Ellis, an American English teacher in Tokyo, has lived
in Japan for seven years. In his first two years in Tokyo, he
lived in three "gaijin houses." He is the co-author
of Setsuko Watanabe in Web-Watching
the World and has read his own essays on the tape, Web-Watching
His URL http://geocities.com/Athens/Agora/7984/
When many foreign workers first come to Tokyo, the main problem they have is finding a place to live. Apartments are often expensive, and they often require a guarantor and lots of money for deposits, key money, washing machines, futons, telephone lines, and so on.
Since many foreign workers do not even know how long they will stay in Japan, many people choose to live in guest houses for foreigners. These infamous places are usually called "gaijin houses." Gaijin houses are crowded places that have a wide variety of problems, but they also have some good points. Living in a gaijin house is similar to living in a crowded American college fraternity house, which is a house for a young men's college club. If you donŐt know what a fraternity house is, you should watch the movie "Animal House." Each person has a private room with about 4.5 tatami mats or a shared room for two people with about 6 mats. The house manager provides necessities, such as futons, heaters, and fans. The house usually has a shared lounge with a TV, sofas, a kitchen, refrigerators, and a telephone. There is also usually a coin laundry with a clothes drier that heats rather than dries your clothes. The shower room usually has a coin system in which you pay 100 yen for a ten-minute shower. Therefore, you always need to keep 100 yen coins in your room. You also have to be careful to shower quickly, or you will end up finishing your shower with cold water!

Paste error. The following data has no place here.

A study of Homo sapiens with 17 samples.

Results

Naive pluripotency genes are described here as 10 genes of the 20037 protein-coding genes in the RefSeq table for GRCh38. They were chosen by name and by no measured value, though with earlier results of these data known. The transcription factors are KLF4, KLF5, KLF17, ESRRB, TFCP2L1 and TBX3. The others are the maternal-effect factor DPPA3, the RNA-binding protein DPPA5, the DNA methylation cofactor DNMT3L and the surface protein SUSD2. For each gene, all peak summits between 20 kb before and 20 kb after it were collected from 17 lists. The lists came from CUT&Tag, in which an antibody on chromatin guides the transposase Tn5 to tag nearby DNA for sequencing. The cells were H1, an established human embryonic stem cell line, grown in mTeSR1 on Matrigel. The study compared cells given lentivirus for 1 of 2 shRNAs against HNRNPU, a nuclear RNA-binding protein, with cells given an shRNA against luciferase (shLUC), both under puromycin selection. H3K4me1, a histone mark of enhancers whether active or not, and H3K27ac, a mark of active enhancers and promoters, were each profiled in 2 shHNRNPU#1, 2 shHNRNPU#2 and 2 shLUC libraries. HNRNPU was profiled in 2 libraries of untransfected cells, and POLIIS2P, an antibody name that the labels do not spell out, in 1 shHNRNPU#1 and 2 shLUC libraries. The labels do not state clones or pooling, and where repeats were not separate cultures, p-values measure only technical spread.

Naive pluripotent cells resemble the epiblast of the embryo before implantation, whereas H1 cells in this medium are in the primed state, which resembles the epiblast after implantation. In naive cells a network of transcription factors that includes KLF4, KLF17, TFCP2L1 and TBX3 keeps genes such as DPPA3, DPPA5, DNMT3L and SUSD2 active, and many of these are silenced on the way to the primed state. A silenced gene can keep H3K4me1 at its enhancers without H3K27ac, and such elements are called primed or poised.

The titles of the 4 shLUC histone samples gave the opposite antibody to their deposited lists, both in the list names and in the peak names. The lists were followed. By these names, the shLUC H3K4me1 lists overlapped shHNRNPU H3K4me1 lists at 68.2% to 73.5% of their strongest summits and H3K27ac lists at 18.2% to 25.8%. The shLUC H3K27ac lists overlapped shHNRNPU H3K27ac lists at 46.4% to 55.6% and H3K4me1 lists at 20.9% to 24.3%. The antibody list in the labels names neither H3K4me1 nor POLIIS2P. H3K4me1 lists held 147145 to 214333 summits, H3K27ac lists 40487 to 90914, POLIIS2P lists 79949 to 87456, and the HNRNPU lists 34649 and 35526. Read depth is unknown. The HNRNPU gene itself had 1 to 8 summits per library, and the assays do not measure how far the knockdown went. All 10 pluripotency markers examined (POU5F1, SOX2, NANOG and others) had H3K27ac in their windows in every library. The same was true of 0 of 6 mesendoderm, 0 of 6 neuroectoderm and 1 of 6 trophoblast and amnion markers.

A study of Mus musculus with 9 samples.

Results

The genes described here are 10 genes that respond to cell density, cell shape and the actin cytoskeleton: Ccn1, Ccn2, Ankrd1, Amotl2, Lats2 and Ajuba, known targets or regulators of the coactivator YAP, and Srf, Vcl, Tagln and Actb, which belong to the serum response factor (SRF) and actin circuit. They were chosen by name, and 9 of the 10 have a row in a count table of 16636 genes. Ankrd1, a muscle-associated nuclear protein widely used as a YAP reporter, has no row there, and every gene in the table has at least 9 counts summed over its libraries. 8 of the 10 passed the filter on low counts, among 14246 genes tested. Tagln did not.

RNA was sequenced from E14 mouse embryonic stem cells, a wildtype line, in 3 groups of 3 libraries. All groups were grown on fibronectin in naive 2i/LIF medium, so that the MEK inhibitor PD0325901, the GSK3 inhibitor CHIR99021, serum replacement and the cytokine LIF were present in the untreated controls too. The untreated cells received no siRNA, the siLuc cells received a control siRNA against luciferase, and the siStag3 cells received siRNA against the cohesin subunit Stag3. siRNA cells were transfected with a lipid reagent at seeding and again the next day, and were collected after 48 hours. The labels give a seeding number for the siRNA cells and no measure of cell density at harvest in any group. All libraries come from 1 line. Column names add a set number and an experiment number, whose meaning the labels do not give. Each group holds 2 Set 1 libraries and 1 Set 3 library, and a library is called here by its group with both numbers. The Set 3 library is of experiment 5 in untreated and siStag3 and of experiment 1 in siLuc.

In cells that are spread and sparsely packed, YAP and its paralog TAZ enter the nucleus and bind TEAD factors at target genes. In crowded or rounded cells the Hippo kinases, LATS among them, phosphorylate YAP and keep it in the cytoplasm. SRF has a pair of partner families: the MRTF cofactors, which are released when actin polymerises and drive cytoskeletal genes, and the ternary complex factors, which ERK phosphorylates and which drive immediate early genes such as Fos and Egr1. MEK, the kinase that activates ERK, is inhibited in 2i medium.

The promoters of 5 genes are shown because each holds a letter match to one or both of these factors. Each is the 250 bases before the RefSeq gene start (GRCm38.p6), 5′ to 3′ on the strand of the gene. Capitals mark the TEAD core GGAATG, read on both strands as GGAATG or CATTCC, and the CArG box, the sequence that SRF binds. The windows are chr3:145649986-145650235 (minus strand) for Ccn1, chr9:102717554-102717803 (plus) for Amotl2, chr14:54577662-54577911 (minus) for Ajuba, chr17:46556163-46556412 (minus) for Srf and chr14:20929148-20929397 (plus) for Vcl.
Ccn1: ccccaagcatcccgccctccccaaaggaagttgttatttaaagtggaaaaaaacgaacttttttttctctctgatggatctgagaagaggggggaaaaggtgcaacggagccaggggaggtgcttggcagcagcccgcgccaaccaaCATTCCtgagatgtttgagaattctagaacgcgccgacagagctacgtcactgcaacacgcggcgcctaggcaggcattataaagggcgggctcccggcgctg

There are often about ten or fifteen people living in one house, which, of course, causes problems. First, you often have to line up for showers and wait for the use of the washing machines. One major complaint is of people stealing each other's food. I would sometimes come home after work and find that someone had eaten my cheese or drank my milk while I was gone. Some bad residents expect other people to clean their dirty dishes, which causes people to leave angry messages over the sink reading, "Your Mama doesn't live here, so Wash Your Dishes!!."
The biggest problem, however, is the noise. Many houses have nightworkers, such as hostesses, who come home from work in the middle of the night and decide to watch TV and cook themselves dinner. Other people have late-night parties in the lounge, so that people with early schedules have to sleep with earplugs, since most of the rooms have "paper-thin walls." So, you might ask, with all these problems, why would anyone want to live in a gaijin house?
First of all, it saves money, since you donŐt have to pay deposits or buy futons, heaters, fans, telephone lines, and other household necessities. It also gives foreigners a sense of freedom that if their job makes them too unhappy, they can always pack their bags on payday and catch a plane back to their home countries. People with apartments are much more tied down with all their things. Most importantly, you can easily make friends quickly when you first come to Tokyo, and you can get the support you need when you have trouble in this very big, confusing city. It's also a good way to meet people from many other countries. Some young Japanese, mostly women, choose to live in gaijin houses as a way to make foreign friends and learn English. In short, living in a gaijin house definitely has its ups and downs. I enjoyed meeting some unusual characters from around the world and enjoyed some very fun parties in my gaijin house days, but I also felt like I had no privacy and definitely had trouble sleeping. I now feel too old to live in such a place, but it was definitely an interesting cross-cultural experience during my first two years in Tokyo. I'd recommend living in a gaijin house to any young and adventurous newcomers to Tokyo.